HAMPTON, Ga.— When Atlanta Motor Speedway was redesigned in 1997, it gained a 37,000-seat main grandstand, 44 luxury suites and an expanded press box. Most importantly, the track became the fastest on the Winston Cup circuit.
"Every time you blink, you've gone a football field," veteran driver Kyle Petty said. "Sneeze, and you've missed the backstretch. Everything just happens so fast there."
During the renovations, the backstretch was transformed into the frontstretch, complete with a double dogleg near the finish line, similar to Lowe's Motor Speedway. The byproduct was a wider apex in all four turns, allowing the cars to maintain a much higher speed through the corners.
The first time the drivers ran the "new" Atlanta, Geoffrey Bodine sat on the pole with a qualifying lap of 197.478 mph. Robby Gordon had a fast lap of 186.987 in qualifying for the last race on the old configuration.
Last year, Bill Elliott won the pole at a shade over 191, and he figures to be one of the favorites Friday in qualifying is for the Bass Pro Shops MBNA 500.
With the pavement becoming more worn and providing less grip, speeds have steadily decreased since Bodine's fast lap. But the 1.54-mile track still produces faster speeds than Daytona and Talladega, where restrictor plates are used to cut horsepower and to keep the cars under 200 mph.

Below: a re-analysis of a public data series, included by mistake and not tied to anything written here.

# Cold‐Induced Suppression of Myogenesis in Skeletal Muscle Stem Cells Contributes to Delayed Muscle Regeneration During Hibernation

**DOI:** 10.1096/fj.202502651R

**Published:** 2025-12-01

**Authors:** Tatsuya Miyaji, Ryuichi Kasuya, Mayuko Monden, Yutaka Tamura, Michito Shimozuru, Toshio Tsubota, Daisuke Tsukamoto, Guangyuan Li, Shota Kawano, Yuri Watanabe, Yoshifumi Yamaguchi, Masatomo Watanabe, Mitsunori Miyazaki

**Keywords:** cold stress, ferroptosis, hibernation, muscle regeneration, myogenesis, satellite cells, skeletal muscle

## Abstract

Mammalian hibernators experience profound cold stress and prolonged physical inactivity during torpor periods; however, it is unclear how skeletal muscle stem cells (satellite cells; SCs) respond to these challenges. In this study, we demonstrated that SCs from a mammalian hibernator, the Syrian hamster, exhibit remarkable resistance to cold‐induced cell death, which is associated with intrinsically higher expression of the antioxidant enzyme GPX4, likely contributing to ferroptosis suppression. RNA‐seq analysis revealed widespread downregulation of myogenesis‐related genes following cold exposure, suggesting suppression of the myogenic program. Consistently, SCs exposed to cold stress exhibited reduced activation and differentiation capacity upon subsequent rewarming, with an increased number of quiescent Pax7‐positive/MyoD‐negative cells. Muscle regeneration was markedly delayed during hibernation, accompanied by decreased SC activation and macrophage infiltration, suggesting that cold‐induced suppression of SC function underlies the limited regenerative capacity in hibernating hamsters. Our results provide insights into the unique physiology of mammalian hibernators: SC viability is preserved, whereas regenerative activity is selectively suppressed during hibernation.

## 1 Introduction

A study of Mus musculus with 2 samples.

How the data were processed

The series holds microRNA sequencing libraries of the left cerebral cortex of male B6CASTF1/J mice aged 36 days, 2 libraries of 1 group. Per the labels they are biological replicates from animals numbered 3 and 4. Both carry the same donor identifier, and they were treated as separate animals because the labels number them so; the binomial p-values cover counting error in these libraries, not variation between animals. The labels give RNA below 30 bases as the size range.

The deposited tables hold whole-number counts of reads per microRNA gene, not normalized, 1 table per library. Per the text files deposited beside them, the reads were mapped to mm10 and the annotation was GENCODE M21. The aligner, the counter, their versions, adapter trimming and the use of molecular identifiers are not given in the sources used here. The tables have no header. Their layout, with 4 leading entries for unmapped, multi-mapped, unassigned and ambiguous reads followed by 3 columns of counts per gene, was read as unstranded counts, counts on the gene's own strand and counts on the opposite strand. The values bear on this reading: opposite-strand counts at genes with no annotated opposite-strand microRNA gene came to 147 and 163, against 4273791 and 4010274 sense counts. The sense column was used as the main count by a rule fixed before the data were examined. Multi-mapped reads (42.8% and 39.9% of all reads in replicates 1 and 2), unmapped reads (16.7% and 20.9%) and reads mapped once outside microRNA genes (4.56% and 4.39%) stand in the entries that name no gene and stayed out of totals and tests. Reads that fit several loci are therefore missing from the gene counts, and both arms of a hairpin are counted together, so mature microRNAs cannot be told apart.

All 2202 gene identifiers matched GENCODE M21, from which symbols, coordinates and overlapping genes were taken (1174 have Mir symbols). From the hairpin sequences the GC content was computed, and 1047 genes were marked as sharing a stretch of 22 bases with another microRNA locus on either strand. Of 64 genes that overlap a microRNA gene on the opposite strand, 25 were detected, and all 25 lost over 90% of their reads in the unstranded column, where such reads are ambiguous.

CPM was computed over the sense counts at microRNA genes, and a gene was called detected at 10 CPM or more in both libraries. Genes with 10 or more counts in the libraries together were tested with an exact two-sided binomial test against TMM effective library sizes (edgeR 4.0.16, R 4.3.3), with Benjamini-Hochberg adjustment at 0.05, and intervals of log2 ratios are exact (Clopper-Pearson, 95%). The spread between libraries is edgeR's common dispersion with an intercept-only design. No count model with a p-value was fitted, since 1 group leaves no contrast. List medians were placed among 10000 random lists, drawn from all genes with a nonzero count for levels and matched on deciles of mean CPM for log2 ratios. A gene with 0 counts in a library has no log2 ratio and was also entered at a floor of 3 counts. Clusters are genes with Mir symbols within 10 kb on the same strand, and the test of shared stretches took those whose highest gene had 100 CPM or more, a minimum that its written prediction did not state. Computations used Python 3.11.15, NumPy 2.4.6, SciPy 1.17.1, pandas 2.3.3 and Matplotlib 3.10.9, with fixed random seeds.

Most drivers hardly notice the speed at Atlanta.
"Generally, that's not a big deal as long as everything is going OK," Petty said. "If you have the car pointed in the right direction, speed — even at Atlanta — is not that big of a deal.
"It gets relative after a while, kind of like when you're on the interstate and you are going 55, but the next time you look at the speedometer you've crept up to 70."
If there is a problem on the track, speed becomes an issue.
"Not so fast turns into really fast in a heartbeat," Petty said. "Somebody cuts a tire and turns sideways or blows an engine and you have a lot of guys grabbing steering wheel and hoping for the best.
"Just somebody slowing to pit and forgetting to give a hand signal can lead to a pileup at Atlanta, because you catch them so quick."
Ricky Rudd will make is 45th straight start at the track, a streak that dates to 1981. He won a race on the old layout, but has just two top-10 finishes in 11 races on the new one.
After three years with Robert Yates Racing, Rudd is driving for the Wood Brothers, the winningest team in Atlanta history with 12 victories. But the team hasn't had much success at the track lately, and hasn't gone to Victory Lane here since 1993.
"It's a very nonforgiving race track. It's a track where there is a fine line on missing the setup," Rudd said. "You end up with a sort of love-hate thing. If you miss it big time, it can be pretty embarrassing."
That hasn't happened much to Bobby Labonte, the new master of Atlanta. He won the first race on the new track — one of five overall — and lost by inches to the late Dale Earnhardt in 2000.
But all of those runs came in a Pontiac, and Labonte's Joe Gibbs Racing team switched to Chevrolet this season. He's also got a new crew chief, with Michael "Fatback" McSwain taking over for Jimmy Makar.
Makar was promoted to team manager for Joe Gibbs Racing.
"We've got a brand new race car and a lot of good notes from the past," Labonte said. "We've got things that Fatback has done there in the past.
"This is one of the tracks that I like to go fast at and like to go good at. When you get the car handling right, it just makes it a lot more fun."